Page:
China
 

Green tea is the ordinary beverage of the Chinese. In China, the various teas differ in growing method, manufacturing process and the shape given to the leaf.
The Tea Route brings you the most famous Chinese teas from small producers

 

All the different varieties of tea are grown in China. The Chinese claim that it would take more than a single lifetime to discover and sample all the varieties of tea grown there, and even they don't know for sure how many great tea gardens there are in the country that are known only to the initiated, who call them sacred gardens. What is certain is that there are more than a thousand different varieties.

 

In China, tea continues to be harvested and processed according to traditional methods, unchanged since the days of the great emperors.

 

In China, the various teas differ in growing method, manufacturing process and the shape given to the leaf.

 

The Tea Route offers tea connoisseurs some of the finest, most famous and rarest Chinese teas imported directly from small-scale producers we have selected during our travels. This enables us to offer you very good prices but please note that due to limited quantities we can not guarantee continuous availability.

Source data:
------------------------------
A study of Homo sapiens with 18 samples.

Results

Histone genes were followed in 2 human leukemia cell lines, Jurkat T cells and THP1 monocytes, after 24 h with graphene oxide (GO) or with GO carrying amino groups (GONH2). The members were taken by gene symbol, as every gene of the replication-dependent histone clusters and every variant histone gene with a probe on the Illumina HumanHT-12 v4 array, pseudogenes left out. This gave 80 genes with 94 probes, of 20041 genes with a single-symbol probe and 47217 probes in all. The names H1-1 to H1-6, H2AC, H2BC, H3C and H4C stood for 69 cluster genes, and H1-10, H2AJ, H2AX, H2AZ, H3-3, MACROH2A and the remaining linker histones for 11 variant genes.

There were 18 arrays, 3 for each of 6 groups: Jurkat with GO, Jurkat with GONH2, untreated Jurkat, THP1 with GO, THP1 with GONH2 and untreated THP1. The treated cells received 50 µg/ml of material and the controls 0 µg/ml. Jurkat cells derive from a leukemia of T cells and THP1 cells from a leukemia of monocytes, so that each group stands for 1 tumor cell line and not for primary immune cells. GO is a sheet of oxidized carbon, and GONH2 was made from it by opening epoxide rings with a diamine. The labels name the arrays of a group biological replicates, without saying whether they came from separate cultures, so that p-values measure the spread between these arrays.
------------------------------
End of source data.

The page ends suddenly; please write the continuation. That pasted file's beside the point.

Tai Ping Hou Kui

Ti Kuan Yin

Long Jing

 

Green tea, which they drink all day long, is the ordinary beverage of the Chinese.

They usually throw a handfull of tea leaves in a thermos in the morning and keep filling it up with hot water throughout the day.

Besides the Gong Fu Cha, another traditional method of preparing tea uses a  zhong (also called gaiwan). This consists of a bowl, a lid and a saucer.

1. The zhong is flled with tea to 1/4 or 1/3 depending on leaf volume.

2. The tea leaves are rinsed with hot water which is immediatly discarded. This allows them to begin unfurling.

3. Fresh hot water is added and let to steep for 15 to 20 seconds.

4. Subsequent infusions follow, up to 10 or even 15 in the case of exceptional Oolong teas.

The lid serves to stir the leaves in the bowl and then block them while drinking.

The ideal zhong should be of white porcelain in order to bring out the colour of the infusion.